Red Sox advance to ALDS with dominant Wild Card victory over Yankees – Lowell Sun
The Red Sox knew about the Yankees’ preference to play them in the event that a tiebreaker game needed to be played, but insisted that it didn’t add any motivation. They didn’t need it. Tuesday’s winner-take-all Wild Card game was more than enough.
“They wanted us and they got us,” Kiké Hernández said.
And then, they sent their rivals home for the winter.
This Red Sox season, once never expected to last this long, will live on. Nathan Eovaldi rose to the occasion, Gerrit Cole did not, and the Red Sox rode it all the way down to Florida. Xander Bogaerts and Kyle Schwarber each hit homers, and Alex Verdugo drove in three runs, including a two-run single in the seventh that sealed the deal, as the Red Sox ended the Yankees’ season with a 6-2 victory at an electric Fenway Park.
They advanced to the American League Division Series, where they’ll be the underdogs against the AL East-winning Rays. Game 1 is set for Thursday night at Tropicana Field.
“I don’t think there’s many people that picked us to win this game,” Schwarber said. “We all have faith in ourselves.”
Eleven days after Cole beat Eovaldi in what was a potential Wild Card game preview at Fenway, the script flipped. The latter looked like the elite postseason performer that he’s become.
Eovaldi recorded just eight outs in the Sept. 24 loss to the Yankees in one of his worst performances of the season, but after rebounding with a strong performance last week in Baltimore, he redeemed himself Tuesday night. Despite an unsatisfying ending, he came through in the most important game of the season, allowing just one run in 5 1/3 strong innings.
He worked with an early lead — something that has evaded the Red Sox of late — after their de facto captain set the tone in the first inning. Xander Bogaerts, who struggled at the plate to end the regular season, came up after Rafael Devers worked a walk, and took advantage of Cole’s early inability to locate his pitches.
As the crowd tried getting into the Yankees ace’s head with chants of “Gerrr-it,” the Red Sox shortstop provided his worst nightmare. Bogaerts made no mistake on a hanging 2-1 changeup, smashing it to the center-field seats and sending Fenway’s raucous crowd into hysteria.
“Talk about a pop,” Schwarber said. “The crowd went nuts, and you feed off that energy. You thrive for that, and Red Sox nation brought it tonight. We needed it, and you can’t say enough about the crowd tonight.”
Cole, ultimately, didn’t see Bogaerts again.
Schwarber delivered a little bit of deja vu against the Yankees ace in the third inning. Schwarber, who homered against Cole in the 2015 National League Wild Card game, did it again to lead off the third. The designated hitter somehow caught up with Cole’s 97 mph fastball above the zone and cranked it to right field to give the Red Sox a 3-0 lead.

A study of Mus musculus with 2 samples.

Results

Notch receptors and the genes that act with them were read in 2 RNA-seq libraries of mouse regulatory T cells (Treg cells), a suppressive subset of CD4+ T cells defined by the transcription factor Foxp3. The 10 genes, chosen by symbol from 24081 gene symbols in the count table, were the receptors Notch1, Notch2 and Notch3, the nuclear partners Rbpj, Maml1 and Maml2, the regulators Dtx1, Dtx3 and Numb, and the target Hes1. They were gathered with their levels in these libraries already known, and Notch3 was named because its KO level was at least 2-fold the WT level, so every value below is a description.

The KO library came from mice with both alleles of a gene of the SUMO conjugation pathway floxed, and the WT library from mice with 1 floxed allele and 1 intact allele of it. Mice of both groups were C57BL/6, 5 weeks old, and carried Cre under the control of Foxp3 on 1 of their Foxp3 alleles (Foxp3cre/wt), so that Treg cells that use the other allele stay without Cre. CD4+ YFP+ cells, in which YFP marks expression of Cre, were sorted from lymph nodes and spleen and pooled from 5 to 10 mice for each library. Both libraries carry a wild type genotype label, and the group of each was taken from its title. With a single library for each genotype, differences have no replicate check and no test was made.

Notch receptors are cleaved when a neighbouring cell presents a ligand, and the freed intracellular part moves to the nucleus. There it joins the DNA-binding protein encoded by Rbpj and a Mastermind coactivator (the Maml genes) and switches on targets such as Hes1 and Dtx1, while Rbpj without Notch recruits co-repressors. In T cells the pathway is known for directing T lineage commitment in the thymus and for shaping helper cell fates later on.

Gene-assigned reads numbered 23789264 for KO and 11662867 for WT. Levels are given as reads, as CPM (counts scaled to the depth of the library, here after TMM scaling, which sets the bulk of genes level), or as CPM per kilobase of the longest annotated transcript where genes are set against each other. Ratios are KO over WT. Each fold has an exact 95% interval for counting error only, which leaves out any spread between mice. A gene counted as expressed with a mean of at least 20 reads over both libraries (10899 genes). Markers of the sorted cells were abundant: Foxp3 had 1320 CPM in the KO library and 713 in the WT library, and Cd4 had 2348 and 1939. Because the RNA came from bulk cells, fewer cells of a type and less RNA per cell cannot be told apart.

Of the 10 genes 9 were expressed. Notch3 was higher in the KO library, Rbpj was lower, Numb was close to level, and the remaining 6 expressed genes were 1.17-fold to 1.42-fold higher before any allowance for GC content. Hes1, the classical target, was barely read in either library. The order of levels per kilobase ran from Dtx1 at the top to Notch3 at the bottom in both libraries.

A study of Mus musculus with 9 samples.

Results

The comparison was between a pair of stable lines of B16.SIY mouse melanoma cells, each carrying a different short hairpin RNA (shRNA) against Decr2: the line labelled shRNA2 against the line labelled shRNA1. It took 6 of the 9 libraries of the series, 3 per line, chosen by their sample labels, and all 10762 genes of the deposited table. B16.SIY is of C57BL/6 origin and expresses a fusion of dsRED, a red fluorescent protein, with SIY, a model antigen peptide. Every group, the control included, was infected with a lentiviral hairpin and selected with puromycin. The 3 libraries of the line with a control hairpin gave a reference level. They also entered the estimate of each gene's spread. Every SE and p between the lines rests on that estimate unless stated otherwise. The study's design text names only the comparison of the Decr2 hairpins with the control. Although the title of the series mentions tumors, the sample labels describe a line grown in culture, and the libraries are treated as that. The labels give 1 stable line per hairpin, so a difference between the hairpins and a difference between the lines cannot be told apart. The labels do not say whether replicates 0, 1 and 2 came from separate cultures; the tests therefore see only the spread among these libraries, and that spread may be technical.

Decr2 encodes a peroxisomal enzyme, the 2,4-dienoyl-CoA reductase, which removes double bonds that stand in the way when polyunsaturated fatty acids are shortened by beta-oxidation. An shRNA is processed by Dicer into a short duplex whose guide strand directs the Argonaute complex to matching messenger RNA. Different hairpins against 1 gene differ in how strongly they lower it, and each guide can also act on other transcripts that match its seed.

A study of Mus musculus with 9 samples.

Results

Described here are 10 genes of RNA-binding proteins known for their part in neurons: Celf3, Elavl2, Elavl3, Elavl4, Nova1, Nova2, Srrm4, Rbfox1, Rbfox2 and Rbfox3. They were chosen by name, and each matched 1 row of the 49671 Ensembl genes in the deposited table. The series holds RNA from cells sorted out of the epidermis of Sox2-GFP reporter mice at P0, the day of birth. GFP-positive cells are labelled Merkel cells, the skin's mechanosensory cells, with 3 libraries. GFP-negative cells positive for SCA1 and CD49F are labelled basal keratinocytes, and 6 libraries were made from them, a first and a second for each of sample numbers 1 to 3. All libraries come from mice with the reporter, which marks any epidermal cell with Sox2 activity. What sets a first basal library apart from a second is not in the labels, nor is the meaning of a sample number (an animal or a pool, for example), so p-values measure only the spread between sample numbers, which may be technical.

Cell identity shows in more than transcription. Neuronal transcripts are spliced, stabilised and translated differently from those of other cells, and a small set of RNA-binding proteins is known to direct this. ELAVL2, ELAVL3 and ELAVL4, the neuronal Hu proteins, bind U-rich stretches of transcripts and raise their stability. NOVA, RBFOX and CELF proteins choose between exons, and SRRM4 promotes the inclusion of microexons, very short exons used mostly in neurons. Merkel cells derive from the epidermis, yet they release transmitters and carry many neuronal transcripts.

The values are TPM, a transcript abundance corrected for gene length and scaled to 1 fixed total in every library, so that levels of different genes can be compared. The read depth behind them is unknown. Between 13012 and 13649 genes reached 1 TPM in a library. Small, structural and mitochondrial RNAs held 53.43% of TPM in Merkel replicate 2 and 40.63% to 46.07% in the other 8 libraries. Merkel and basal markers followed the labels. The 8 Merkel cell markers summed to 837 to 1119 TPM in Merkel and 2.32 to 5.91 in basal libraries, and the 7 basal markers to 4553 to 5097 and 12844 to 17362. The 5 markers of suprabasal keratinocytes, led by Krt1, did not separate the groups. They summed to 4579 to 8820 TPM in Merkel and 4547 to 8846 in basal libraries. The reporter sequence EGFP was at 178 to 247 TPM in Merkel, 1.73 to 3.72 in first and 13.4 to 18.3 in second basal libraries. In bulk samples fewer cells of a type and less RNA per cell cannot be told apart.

Cole’s night didn’t last much longer. He gave up a softly hit infield single to Kiké Hernández, issued another walk to Devers, and that was it. In stunning fashion, Yankees manager Aaron Boone didn’t hesitate to come out and get his ace. There was no argument from Cole, who handed Boone the ball and walked to the dugout after his shortest start of the season, much to the fans’ delight.
“For us to get to him early, that was a huge win for us,” Schwarber said. “That’s what we wanted to do.”
Eovaldi, meanwhile, was dealing. After having trouble gripping the ball last time against the Yankees, he had no such trouble on Tuesday. With pinpoint accuracy, Eovaldi mowed down the Yankees, who were jumping all over his first pitches to unsuccessful results. He retired 10 consecutive Yankees during one stretch through five shutout innings.
The game, however, reached a potential turning point in the sixth. With a 3-0 lead after a leadoff strikeout of Rougned Odor, Eovaldi’s third trip through the Yankees order created some stress. Anthony Rizzo ripped a first-pitch curveball around Pesky Pole to cut the Red Sox’ lead to two runs before Aaron Judge barely beat out an infield single.
Despite Eovaldi’s dominance, Cora was quick to the hook, summoning Ryan Brasier to face Giancarlo Stanton in what turned out to be possibly the most pivotal at-bat of the game.
Stanton, who had crushed Eovaldi off the left-field wall for a loud single in the first, sent another ball high off the Green Monster that narrowly missed being a game-tying home run by about five feet. The hit should have put Stanton and Judge on second and third with one out. But a strong rally and an awful send spoiled the Yankees’ rally. Hernandez, backing up the play in left, made a quick throw to Bogaerts, and with the aid of third-base coach Phil Nevin inexplicably waving Judge home, the shortstop made a perfect throw to the plate well ahead of Judge for the out.
The Yankees didn’t really threaten again, with Stanton’s ninth-inning solo homer a blip. Tanner Houck, Hansel Robles and Garrett Whitlock held down the struggling Yankees offense to keep this season going at least one series longer. They’ll face a Rays team that they went 8-11 against this season.
“We have some familiarity with those guys,” Bogaerts said. “It’s going to be an interesting series. Hopefully we come out on top.”